Creep deformation of rocks
Strains increase with elapsed time when a constant load, which is smaller than strength, was applied to rocks. The strain increase sometime leads rocks to failure. This phenomenon is so called 'creep phenomenon'. There have been numerous studies paying attentions to the axial strain-time relationship. However, we are paying attentions to the behavior of the circumferential strain. This is because the circumferential strain is sensitive to rock damage but insensitive to environmental conditions, as described in New Criterion for Brittle Rock Based on Principal Tensile Strain.
It was confirmed that the creep strain in circumferential direction is about ten times that in the axial direction. This means that in-situ measurement can be carried out easily and precisely. It was also confirmed that there are the primary, secondary and tertiary creep in the circumferential strain just as in the axial strain.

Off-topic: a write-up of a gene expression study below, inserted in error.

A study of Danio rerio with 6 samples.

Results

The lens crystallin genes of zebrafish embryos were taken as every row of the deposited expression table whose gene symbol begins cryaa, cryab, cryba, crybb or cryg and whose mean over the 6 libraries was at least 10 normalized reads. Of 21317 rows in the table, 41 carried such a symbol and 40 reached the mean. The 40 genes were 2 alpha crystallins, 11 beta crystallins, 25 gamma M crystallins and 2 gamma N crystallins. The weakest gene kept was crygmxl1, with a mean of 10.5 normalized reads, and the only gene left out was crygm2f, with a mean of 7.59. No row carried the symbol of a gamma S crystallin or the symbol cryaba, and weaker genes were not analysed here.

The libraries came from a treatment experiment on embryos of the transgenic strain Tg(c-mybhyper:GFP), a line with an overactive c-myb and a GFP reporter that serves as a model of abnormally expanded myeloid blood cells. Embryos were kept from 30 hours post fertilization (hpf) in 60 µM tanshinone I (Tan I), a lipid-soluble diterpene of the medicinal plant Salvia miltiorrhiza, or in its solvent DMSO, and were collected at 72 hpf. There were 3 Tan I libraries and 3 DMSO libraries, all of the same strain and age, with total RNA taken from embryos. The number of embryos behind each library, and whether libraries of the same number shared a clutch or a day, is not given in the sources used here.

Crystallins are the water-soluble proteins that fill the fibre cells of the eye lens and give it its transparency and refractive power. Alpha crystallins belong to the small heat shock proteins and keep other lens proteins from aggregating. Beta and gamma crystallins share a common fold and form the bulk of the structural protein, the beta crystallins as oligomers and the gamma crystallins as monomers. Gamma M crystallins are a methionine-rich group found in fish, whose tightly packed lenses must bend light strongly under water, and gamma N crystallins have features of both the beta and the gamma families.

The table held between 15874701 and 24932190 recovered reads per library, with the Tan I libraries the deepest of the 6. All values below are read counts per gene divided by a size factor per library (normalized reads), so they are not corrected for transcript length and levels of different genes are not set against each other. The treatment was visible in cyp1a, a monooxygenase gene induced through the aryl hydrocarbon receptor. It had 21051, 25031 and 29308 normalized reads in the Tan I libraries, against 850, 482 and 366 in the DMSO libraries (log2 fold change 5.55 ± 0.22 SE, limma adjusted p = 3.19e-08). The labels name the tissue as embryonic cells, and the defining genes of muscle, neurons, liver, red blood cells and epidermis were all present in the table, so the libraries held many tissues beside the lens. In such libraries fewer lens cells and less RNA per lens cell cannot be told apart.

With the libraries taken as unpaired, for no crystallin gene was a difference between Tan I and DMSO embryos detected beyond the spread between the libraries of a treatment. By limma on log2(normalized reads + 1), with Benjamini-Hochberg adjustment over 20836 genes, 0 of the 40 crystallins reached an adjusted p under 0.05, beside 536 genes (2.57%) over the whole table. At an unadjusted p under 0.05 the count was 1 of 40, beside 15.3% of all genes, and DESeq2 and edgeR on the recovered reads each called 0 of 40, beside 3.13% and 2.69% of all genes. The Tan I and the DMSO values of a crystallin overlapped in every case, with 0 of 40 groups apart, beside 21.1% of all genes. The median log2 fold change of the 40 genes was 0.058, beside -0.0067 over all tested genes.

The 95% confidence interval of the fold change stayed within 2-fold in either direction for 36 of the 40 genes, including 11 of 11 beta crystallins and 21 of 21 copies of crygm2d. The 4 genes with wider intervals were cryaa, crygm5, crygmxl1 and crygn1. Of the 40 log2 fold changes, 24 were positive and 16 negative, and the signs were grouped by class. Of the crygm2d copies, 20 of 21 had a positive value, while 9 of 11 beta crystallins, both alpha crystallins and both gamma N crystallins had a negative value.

The circumferential strain rate magnitude decreased first, then increased, leading to the failure. The creep strain in the circumferential direction was so large that the circumferential strain acceleration was able to be evaluated. It began to increase just after the tertiary creep was observed on the strain-time curve, leading to failure.
The circumferential strain values at the points where strain rate magnitude shows the minimum and where acceleration magnitude begins to increase were insensitive to environmental conditions and almost equaled the critical extensile strain in constant strain rate tests. Load increased in the cases where the reloading took place before the distinctive points appeared. The peak load and the circumferential strain value at the peak load point during the reloading equaled those in constant rate tests. On the other hand, load did not increase when reloading took place after the points.
From these points of view, the following three methods were proposed for stability monitoring of rocks.